BAGHDAD (AP) — Bomb blasts in Iraq on Tuesday struck a gathering of demonstrators in an ethnically disputed northern city and a minibus carrying Shiite pilgrims to the holy city of Karbala, killing at least 12 and wounding dozens in the latest in a wave of attacks roiling the country.
Iraq is weathering its deadliest outburst of violence since 2008, with more than 2,000 people killed since the start of April. The bloodshed appears to be largely the work of resurgent Sunni militants such as al-Qaida, feeding off Sunni discontent with the Shiite-led government.
In Tuesday's deadliest attack, at least one suicide bomber blew himself up near a group of Turkomen protesters who had set up tents in the city of Tuz Khormato, according to Ali Abdul-Rahman, a spokesman for the Salahuddin provincial governor. He said the protesters were demanding tighter security for the community following a deadly car bombing Sunday.
The attack killed at least seven people and wounded 52, according to head of the provincial health department, Raed Ibrahim.
Among those killed were two Turkmen leaders, Ahmed Abdel-Wahed and Ali Hashem Mukhtar Oglou, according to the United Nations mission to Iraq.
"Such attacks aim to heighten tensions in this particularly sensitive region of Tuz Khurmatu," U.N. envoy Martin Kobler said in a statement.
Tuz Khormato sits in a band of territory contested by Arabs, Kurds and Turkomen about 200 kilometers (130 miles) north of Baghdad.
In the other attack, five Shiite pilgrims were killed after their bus was struck about 55 kilometers (35 miles) south of Baghdad while it was traveling between the towns of Musayyib and Iskandariyah, according to police and hospital officials.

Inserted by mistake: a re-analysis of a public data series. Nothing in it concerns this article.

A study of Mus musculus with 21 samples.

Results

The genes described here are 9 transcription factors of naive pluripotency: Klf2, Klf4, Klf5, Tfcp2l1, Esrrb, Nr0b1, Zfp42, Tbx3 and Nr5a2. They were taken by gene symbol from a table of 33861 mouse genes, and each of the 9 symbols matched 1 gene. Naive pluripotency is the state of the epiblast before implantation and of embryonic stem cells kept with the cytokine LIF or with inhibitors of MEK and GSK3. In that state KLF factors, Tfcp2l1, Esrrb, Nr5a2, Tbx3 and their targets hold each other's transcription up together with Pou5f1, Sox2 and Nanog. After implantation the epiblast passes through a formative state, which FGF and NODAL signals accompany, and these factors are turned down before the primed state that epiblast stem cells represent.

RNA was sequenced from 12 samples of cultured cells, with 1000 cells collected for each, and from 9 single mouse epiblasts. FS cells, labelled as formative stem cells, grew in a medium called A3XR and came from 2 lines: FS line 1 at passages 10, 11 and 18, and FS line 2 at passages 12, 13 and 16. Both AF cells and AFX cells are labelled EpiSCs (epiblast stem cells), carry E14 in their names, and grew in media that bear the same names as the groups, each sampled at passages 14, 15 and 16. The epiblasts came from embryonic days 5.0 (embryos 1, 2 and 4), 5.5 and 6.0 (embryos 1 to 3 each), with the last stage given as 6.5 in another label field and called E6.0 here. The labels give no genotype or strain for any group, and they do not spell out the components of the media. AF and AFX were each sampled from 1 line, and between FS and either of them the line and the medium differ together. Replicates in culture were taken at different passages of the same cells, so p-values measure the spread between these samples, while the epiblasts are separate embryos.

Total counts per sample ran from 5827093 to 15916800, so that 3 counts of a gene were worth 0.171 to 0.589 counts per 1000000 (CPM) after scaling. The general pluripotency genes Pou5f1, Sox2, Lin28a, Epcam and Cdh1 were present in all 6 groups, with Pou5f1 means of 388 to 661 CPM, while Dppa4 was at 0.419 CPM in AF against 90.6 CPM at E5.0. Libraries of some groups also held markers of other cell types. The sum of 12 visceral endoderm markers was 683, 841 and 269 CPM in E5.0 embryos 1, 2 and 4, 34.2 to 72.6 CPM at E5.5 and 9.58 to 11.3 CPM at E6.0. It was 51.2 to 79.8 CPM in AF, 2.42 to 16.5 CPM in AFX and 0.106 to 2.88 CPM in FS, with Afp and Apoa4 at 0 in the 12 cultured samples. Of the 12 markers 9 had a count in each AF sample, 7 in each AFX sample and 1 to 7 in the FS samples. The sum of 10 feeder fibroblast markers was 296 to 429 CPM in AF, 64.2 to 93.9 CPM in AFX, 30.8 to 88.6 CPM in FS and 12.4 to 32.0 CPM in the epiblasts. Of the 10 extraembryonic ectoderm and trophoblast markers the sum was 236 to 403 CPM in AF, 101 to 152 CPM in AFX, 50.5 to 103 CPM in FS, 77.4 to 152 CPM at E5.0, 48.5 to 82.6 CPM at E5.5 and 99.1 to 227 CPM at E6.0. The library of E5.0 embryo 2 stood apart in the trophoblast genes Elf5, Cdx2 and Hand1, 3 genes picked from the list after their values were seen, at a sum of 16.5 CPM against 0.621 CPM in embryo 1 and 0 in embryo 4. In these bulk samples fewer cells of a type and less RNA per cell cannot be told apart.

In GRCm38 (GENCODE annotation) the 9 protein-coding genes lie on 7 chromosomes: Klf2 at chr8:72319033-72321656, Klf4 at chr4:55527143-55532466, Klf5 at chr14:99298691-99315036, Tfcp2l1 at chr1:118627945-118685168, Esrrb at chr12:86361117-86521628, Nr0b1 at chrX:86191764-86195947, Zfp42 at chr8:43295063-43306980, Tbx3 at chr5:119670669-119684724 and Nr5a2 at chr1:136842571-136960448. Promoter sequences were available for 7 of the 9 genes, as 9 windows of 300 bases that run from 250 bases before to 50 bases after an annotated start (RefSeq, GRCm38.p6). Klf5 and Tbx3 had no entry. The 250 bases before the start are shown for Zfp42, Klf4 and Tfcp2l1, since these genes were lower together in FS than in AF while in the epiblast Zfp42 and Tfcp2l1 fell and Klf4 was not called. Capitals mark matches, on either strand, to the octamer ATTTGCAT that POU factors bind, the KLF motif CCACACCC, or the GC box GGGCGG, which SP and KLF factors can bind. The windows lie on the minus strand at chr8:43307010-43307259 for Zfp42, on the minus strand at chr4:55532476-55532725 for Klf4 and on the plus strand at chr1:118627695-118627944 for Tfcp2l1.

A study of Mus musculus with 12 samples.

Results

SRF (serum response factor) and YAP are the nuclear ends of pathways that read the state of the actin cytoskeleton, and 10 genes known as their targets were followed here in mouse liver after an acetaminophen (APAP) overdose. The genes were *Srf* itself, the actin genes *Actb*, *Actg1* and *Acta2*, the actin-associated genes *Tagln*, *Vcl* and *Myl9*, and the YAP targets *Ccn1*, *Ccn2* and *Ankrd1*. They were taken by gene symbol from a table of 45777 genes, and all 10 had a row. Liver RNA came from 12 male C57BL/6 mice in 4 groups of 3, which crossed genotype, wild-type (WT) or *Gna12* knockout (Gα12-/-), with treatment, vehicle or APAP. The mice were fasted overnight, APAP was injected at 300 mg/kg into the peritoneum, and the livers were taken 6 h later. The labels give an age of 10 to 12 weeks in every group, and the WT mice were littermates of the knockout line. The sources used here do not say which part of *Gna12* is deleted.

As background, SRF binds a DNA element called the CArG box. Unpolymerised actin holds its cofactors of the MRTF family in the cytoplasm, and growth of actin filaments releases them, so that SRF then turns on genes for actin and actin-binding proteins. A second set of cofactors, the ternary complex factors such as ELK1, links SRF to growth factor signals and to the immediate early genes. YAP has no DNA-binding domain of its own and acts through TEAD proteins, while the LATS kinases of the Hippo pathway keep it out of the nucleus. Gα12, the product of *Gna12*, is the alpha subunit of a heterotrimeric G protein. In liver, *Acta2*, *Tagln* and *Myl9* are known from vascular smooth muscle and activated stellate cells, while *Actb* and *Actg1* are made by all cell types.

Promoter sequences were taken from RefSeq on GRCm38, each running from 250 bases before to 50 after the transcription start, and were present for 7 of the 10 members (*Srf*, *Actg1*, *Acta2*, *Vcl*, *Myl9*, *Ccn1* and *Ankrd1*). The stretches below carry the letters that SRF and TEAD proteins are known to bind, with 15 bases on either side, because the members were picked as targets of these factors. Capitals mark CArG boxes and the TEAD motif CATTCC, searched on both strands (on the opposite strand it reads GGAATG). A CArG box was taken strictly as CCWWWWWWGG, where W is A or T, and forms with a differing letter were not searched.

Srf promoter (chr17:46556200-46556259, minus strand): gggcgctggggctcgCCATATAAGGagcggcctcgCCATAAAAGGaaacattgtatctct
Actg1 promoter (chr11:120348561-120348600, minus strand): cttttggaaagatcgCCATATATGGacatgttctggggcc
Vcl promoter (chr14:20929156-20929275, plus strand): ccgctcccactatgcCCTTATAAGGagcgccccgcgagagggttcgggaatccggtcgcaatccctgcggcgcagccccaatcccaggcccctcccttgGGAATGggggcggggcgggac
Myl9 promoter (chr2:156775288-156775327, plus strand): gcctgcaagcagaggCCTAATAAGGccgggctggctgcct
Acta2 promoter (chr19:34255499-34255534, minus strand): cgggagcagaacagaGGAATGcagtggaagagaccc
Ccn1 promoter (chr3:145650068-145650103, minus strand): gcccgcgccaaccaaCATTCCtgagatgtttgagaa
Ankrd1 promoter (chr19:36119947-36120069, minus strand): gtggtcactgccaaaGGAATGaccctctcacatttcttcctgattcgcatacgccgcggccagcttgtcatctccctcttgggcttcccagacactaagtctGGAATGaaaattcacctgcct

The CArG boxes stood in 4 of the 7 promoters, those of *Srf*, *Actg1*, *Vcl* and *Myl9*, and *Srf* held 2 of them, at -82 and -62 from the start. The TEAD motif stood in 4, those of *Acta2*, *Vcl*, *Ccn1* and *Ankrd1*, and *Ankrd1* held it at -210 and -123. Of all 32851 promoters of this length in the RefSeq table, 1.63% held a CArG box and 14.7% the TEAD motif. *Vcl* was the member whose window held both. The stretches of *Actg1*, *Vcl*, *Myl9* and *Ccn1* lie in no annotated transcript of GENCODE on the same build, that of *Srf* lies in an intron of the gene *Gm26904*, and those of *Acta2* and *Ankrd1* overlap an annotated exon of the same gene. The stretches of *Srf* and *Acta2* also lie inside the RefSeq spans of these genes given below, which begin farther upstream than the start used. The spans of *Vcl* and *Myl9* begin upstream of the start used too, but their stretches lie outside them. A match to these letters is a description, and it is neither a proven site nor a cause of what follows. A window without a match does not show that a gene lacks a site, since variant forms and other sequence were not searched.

Tens of thousands of Shiites are gathering in the holy city of Karbala, 80 kilometers (50 miles) south of Baghdad, for the annual festival of Shabaniyah marking the anniversary of the birth of the ninth-century Shiite leader known as the Hidden Imam.
Earlier Tuesday, gunmen in a speeding car fired on a church in Baghdad's southeastern al-Amin neighborhood, wounding three guards, police officers and a health official said.
The officials provided details of the attacks on condition of anonymity because they were not authorized to release the information to journalists.
Tuesday's attacks struck as Iraqis were still cleaning up from a wave of evening bombings that targeted markets in and around Baghdad. Those attacks, which mainly hit Shiite or religiously mixed areas, and other blasts north of the capital Monday killed at least 42 people and wounded dozens of others.
The United States and Britain condemned the previous day's bombings in statements Tuesday. The U.S. Embassy called attacks during the Shiite festival of Shabaniyah "particularly reprehensible."
"We call upon the leaders and people of Iraq to work together to combat terrorism, and we are committed to assisting in these efforts to bring the attackers to justice," the U.S. Embassy said.
There has been no claim of responsibility for the latest attacks. Al-Qaida's Iraq branch, which has been gaining strength in recent months, frequently targets Shiites, security forces and civil servants in an effort to undermine the Shiite-led government in Baghdad.
Associated Press writers Adam Schreck and Sinan Salaheddin contributed reporting.